As Major Label Market Share Falls on Spotify, Can we Expet even More Indie Investment from The ‘Big Three’?

The major record labels, including Universal Music, Sony Music, and Warner Music, are losing market share on Spotify, according to recent reports. Spotify’s latest annual investor report revealed that the combined market share of the major labels and Merlin, a global digital rights agency for independent labels, decreased from 87% in 2017 to 75% in 2022. This decline can be attributed to the rise of independent and DIY artists who are increasingly self-releasing their music on streaming platforms.

The growth of the independent artist sector has been fueled by the accessibility and affordability of digital distribution and marketing tools, which allow artists to release and promote their music without the need for a traditional record label. As a result, many artists are opting for independent routes instead of signing with major labels, as they seek to retain ownership of their copyrights and have more control over their careers.

In response to this trend, the major labels have been investing in independent artist-friendly alternatives to their traditional labels, such as label services operations. These operations, including Universal Music’s Virgin Music Group, Sony Music’s The Orchard and AWAL, and Warner Music’s Alternative Distribution Alliance (ADA) and Level Music, provide distribution, marketing, and other services to independent artists while allowing them to retain ownership of their music. These label services operations have grown in market share and strategic importance for the major labels, as they seek to maintain their presence in the changing music industry landscape.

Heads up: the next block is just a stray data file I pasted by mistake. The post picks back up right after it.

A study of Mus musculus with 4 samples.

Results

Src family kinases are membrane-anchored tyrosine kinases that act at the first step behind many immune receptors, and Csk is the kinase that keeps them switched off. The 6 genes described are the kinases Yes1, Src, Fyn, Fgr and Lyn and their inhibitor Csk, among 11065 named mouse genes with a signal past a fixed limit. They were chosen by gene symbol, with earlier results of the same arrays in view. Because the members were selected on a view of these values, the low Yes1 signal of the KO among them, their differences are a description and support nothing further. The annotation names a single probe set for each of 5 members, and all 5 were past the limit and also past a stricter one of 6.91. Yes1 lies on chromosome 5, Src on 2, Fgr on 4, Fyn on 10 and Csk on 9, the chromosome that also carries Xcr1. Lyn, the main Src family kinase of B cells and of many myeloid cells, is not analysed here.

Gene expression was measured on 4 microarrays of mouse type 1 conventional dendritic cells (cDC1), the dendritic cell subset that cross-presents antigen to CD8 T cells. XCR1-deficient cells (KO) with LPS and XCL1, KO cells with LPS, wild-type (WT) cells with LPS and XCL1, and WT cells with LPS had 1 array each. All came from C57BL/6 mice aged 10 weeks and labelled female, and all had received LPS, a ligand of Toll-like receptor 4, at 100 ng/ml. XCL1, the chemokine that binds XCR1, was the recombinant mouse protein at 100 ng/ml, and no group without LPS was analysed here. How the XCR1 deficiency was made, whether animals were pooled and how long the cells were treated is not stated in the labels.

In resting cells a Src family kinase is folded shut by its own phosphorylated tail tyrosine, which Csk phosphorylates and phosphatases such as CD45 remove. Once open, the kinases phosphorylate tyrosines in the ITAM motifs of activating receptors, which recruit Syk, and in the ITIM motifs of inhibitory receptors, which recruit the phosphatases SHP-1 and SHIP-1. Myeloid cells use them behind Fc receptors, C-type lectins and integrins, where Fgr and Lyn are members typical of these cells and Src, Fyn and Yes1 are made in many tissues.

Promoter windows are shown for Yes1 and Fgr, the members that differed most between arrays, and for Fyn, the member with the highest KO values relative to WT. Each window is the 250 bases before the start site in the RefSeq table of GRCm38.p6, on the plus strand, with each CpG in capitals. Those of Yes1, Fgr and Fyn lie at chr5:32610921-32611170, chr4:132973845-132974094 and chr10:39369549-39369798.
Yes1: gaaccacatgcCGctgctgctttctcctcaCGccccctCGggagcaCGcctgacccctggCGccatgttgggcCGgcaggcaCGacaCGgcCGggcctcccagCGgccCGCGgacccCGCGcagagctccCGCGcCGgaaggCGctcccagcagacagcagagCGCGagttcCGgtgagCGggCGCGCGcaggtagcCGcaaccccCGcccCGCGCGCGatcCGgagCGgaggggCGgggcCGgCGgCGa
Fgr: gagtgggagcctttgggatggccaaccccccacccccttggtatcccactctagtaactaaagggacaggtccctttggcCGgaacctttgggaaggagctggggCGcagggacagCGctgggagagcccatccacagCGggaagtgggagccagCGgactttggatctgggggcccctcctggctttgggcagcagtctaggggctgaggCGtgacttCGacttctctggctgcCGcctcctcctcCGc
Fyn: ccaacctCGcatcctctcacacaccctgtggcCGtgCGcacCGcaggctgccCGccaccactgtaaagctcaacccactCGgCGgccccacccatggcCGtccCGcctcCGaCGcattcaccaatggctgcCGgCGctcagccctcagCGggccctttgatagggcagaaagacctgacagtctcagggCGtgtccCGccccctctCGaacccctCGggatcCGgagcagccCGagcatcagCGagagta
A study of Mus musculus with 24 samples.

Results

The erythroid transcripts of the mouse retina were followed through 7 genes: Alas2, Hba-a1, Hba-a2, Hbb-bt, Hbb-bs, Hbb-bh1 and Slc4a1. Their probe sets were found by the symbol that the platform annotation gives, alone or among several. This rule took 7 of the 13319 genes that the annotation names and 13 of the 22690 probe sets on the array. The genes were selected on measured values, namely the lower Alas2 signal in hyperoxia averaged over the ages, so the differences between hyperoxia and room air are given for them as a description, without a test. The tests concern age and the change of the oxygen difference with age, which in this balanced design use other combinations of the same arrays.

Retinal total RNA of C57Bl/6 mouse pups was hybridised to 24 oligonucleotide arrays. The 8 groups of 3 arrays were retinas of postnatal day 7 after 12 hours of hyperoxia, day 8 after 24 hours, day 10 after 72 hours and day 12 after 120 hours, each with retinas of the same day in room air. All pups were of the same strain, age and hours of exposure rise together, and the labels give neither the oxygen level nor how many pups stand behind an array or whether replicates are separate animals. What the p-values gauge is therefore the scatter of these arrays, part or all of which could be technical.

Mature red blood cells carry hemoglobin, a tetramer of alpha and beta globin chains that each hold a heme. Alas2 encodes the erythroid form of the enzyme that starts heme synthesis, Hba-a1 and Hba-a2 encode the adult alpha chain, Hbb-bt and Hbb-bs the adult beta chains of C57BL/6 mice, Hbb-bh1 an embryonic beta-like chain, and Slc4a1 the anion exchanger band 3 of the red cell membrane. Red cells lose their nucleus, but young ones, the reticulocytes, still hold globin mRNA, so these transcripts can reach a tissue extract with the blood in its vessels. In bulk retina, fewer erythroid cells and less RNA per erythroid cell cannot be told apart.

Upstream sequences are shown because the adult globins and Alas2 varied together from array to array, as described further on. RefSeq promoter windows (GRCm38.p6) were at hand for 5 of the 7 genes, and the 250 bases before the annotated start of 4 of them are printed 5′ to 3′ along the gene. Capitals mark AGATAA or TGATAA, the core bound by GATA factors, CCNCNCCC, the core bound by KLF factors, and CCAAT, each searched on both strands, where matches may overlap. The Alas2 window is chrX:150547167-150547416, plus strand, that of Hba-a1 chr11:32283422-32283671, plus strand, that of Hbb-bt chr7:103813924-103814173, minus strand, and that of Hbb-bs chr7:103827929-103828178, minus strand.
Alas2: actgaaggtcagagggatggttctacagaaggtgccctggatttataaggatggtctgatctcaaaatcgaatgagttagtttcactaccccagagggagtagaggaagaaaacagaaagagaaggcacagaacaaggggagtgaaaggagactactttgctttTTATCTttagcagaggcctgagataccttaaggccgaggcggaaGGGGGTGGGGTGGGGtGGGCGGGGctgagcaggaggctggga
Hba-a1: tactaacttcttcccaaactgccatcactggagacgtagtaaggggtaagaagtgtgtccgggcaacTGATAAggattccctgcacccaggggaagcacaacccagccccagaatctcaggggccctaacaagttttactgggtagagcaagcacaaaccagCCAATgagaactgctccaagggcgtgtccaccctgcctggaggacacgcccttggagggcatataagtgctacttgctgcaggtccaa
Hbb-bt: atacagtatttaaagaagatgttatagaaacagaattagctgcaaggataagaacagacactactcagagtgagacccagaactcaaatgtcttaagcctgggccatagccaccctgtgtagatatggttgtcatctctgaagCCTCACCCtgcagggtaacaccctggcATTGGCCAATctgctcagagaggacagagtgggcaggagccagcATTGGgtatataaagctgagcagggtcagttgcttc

One example of the success of label services operations is Sony Music’s The Orchard, which has reportedly doubled its market share in the United States from 2019 to 2023. Other major labels have also been focusing on their label services operations to attract independent artists and maintain their streaming market share. As the music industry continues to evolve, it is expected that major labels will increasingly rely on these alternative models to stay relevant and adapt to the changing needs and preferences of artists and consumers alike.